One of the key strengths of both Perl and perl, has been the way old code is still supported in the language. That is a decisive aspect as when to choose a language to invest a lot of time, and by that, money. I'll take an example that is not part of the DarkPAN and that has been, just last week, released as free software.
About a year ago, I started working in a software, and of course, I chose to write it in Perl. More than that, I have also made some interesting choices, that including the use of SOAP over XMPP to design the choreographies of the application, as well as the use of Catalyst to implement that. That led me to write some new CPAN modules. Basically I was using XML::Compile, XML::Compile::Schema and XML::Compile::SOAP as the foundation to the entire application.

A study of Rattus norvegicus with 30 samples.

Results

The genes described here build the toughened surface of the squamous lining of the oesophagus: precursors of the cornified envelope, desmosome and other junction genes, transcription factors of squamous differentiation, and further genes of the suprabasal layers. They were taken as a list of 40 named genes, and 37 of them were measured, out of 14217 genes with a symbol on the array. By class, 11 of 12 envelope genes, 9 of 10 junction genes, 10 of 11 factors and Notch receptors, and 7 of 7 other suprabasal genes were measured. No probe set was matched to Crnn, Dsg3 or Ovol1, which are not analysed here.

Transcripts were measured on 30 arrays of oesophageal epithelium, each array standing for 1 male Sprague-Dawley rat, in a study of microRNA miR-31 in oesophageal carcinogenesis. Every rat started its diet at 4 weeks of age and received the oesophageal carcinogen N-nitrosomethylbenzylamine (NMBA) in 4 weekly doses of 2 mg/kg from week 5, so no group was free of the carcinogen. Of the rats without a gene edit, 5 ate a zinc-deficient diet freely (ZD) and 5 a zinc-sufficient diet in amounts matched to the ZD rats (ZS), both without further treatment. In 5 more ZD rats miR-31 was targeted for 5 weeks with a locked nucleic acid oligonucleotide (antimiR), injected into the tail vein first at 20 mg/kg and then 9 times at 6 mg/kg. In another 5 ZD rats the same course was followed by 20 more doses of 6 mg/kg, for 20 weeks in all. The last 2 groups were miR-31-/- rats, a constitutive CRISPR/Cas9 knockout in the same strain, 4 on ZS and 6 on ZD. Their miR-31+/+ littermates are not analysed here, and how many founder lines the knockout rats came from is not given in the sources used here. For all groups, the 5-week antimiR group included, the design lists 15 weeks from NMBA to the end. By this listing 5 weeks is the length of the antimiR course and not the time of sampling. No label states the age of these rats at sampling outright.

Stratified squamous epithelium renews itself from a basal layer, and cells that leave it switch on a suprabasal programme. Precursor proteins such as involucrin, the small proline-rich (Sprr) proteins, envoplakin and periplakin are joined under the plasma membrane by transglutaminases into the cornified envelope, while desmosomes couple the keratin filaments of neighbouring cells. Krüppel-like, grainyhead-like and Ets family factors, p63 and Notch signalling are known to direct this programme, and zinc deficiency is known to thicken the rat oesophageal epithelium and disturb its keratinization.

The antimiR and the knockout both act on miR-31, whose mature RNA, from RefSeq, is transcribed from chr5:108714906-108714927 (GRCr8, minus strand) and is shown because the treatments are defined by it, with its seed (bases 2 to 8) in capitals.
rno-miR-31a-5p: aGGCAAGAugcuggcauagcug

As the software evolved, a new major release of the XML::Compile framework was released, and it mostly changed the API and a lot of default behaviors. This change costed me about 3 months in investigation and patches, both to my code, to XML::Compile's code and to some other modules just to have the code working again.
Imagine what happens if the defaults for the core changes? That would represent an incredibly higher number of issues to be dealt with, and we don't actually have a choice of "sticking with the old perl", because the developers usually are not the sysadmins, and having to convince a sysadmin that you need to install an old, unsupported version of a CPAN module is already bad, imagine having to convince a sysadmin to install an old, unsupported version of perl? and by that it would mean to keep an entire module tree specific for that version?
That would certainly be a reason for a manager to decide to switch over from Perl to something else, and a very good one. In fact, one of the key strengths of Perl is precisely the long backward compatibilty. And that is not only important only to the DarkPAN, but for every single piece of legacy code in the free software ecossystem as well.